01/11/2017 4:16PM

Hovdey: Will of iron runs in Stevens brothers' blood


“Any way you look at it, I’m oh-for-seventeen,” Stevens said. “I thought I’d keep last year right on going. But at least I had a second and a third yesterday, and it looks like I’m on some live ones today.”

Such sentiments were not unusual from an athlete who had been competing in a rough-and-tumble sport for 40 years. The mindset never leaves. Stevens, 57, was only a few hours away from the 31,455th official ride of a career that has stretched from the wilds of the Northwest to the upper reaches of America’s heartland. He has ridden at tracks both major and minor, through heat, frost, and high winds while surviving a litany of injuries that would have grounded a Navy Seal.

Stevens enjoyed one of his finest seasons ever in 2016, winning 142 races from just 577 rides. The purses earned by his mounts came to $1,678,465, his highest take since 2005, and he ended the year at the top of the Turf Paradise standings, with four months left to the meet in 2017.

“The weather’s been bad here, but at least we’re supposed to get back on the turf this weekend,” Stevens said. “That’s where a lot of my business is.”

Track condition forced the cancellation of two Turf Paradise programs at the start of the year and all but one race of another.

“As far as the main track goes, you’ve got to realize that with the heat here most of the time you can’t have as much sand on the track as other tracks,” Stevens noted. “That means you’ve got to get a good seal on it when it rains, but then you can be in trouble if it rains when you race.”

After a near-fatal fall at Canterbury Downs in July of 2010, Stevens is a miracle man to be riding at all. That day he fractured both clavicles, broke his sternum and several ribs, and suffered a torn spleen. Nerve damage to the small finger of his right hand lingers, but otherwise he says he wakes up every day without pain.

Such durability clearly runs in the family. Scott is the older brother of Gary Stevens, the Hall of Famer currently recuperating from hip replacement surgery. Gary, 53, made a spectacular return from knee replacement surgery in 2014 and hopes to do the same this time around.

“There’s nobody tougher than Gary,” his brother said. “Although he did call me from the road the other day in Reno, telling me how his hip hurt so much in the cold weather he wasn’t sure he’d do it if he had it to do over again. I told him it had been barely three weeks, and not be so hard on himself.”

There have been any number of successful brother acts in the jockey profession, among them the Maples (Eddie and Sam), the Blacks (Kenny and Corey), the McCarrons (Chris and Gregg), and the Valenzuelas (Milo, Mario, and Angel). But until Jose and Irad Ortiz Jr. have been around a while longer, the Stevens boys remain the only brothers to have won more than 4,000 races each.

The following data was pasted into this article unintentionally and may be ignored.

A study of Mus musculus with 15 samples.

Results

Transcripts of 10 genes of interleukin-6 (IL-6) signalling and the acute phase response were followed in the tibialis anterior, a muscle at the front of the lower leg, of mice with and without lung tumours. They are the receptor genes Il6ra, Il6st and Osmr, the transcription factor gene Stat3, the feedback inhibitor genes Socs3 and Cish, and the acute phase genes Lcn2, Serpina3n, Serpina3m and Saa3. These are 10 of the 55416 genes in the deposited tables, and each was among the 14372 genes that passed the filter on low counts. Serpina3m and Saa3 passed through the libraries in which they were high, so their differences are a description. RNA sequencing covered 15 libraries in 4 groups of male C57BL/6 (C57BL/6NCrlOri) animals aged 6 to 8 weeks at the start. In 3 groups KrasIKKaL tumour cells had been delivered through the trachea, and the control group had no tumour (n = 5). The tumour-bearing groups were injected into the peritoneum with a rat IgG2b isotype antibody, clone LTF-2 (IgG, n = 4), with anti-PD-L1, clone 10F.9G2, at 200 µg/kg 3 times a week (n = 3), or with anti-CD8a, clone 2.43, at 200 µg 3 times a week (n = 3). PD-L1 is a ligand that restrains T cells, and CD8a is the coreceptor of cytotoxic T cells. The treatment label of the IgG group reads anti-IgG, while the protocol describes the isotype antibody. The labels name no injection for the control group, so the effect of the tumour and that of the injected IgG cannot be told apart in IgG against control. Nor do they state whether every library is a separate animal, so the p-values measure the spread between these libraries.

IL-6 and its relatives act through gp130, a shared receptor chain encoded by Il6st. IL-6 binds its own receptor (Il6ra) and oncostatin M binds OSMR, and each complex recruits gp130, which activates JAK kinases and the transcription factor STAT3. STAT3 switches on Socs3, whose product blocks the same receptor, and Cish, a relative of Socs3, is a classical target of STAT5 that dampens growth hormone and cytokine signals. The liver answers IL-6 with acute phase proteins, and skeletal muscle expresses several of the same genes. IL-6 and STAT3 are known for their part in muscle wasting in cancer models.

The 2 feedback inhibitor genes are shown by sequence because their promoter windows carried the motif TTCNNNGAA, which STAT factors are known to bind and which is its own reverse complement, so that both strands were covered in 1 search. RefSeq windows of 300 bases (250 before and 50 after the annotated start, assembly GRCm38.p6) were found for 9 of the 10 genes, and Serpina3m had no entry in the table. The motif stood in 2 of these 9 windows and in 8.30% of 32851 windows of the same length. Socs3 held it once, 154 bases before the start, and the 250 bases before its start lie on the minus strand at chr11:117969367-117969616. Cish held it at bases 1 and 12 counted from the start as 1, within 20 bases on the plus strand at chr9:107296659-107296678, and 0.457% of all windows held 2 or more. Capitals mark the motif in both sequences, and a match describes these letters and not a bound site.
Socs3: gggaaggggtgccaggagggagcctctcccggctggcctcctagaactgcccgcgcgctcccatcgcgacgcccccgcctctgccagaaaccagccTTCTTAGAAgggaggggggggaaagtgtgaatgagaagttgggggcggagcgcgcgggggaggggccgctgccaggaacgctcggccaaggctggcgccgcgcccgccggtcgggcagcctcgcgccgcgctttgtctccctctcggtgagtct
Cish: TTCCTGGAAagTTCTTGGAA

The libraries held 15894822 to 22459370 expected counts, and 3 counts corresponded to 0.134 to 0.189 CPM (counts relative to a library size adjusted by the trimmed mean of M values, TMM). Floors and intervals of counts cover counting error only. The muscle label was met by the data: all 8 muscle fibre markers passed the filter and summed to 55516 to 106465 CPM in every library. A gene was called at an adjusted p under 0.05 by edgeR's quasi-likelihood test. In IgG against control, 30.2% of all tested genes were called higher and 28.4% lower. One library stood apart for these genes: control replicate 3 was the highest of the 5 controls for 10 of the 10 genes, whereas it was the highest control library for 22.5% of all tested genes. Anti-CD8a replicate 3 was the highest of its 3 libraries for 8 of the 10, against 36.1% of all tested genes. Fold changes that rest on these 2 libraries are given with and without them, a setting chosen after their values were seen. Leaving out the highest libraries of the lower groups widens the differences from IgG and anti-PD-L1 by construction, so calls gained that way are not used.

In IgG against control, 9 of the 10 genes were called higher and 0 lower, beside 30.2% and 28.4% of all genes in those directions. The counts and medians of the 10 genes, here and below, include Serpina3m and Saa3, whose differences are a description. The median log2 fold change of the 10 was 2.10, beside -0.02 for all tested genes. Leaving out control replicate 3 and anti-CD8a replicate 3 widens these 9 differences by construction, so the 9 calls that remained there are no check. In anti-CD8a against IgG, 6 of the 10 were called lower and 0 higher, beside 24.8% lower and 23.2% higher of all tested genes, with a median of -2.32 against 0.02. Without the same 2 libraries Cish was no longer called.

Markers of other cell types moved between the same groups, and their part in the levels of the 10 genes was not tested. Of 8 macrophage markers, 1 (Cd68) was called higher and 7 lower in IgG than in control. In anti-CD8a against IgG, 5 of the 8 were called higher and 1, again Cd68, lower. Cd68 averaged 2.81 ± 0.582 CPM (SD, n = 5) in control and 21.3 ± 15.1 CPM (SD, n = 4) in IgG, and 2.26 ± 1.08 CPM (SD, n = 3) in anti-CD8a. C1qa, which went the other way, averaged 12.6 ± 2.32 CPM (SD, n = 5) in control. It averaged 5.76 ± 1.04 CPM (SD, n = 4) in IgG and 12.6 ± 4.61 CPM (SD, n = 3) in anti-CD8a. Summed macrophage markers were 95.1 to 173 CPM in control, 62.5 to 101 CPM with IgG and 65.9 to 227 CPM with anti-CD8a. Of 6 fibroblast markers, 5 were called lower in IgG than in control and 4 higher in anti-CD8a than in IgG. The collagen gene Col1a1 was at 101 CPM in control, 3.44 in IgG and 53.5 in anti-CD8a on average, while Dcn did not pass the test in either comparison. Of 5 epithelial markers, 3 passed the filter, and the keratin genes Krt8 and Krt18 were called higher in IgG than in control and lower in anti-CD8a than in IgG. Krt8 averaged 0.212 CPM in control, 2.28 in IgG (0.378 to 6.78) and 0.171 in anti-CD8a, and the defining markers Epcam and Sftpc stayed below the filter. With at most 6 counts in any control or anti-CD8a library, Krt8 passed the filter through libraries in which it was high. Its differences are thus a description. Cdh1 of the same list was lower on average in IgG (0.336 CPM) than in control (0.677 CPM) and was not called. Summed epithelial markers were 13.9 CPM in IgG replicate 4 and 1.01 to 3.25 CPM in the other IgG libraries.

Gary is sitting on 5,083 official North American wins, while Scott began Wednesday with 4,640. He was asked if it is his goal to catch his little brother.

“I don’t think that’s going to happen,” Scott said with a laugh. “Although, if I can have a few more years like last year, you never know.”

Last year, after wrapping up his eighth Turf Paradise riding title, Stevens cherry-picked his way through the middle of the year with delightful success.

“I rode in Denver, four times in Iowa, and then on up to Canterbury for the last part of their season,” said Stevens, who travels by mobile home. “I even rode at Sandy Downs for the first time in the Idaho Cup races.”

As homecomings go, it was interesting. Idaho racing is hanging by a thread, with the end of the Instant Racing games prompting the closure of Les Bois Park. Sandy Downs, near Idaho Falls, staged the Cup races and lured native Idaho boy Stevens.

“They were $15,000 purses,” Stevens said. “The jockeys room was a shed, without running water, and we had an outhouse. The track itself wasn’t bad, although it was a three-quarter-mile track with half-mile [track] turns, so the stretch was real long. When I got there I was wondering what I was there for, but I did win three of the four Cup races. And I did get to spend two weeks in Boise with my parents while I was there.”

Saturday is a big day at Turf Paradise, with the $75,000 Cotton Fitzsimmons Mile and the $30,000 Glendale Handicap, both scheduled for the grass. Stevens is on live mounts in both stakes, but he is just as excited to be riding the Iowa-bred Kera Kera in a $20,000 allowance event earlier on the card. The trainer is Satchel Stevens, son of the oldest Stevens brother, Craig.

“I won with her a couple weeks ago, did well with her in Iowa as well,” Scott said. “She ended up an Iowa-bred champion.”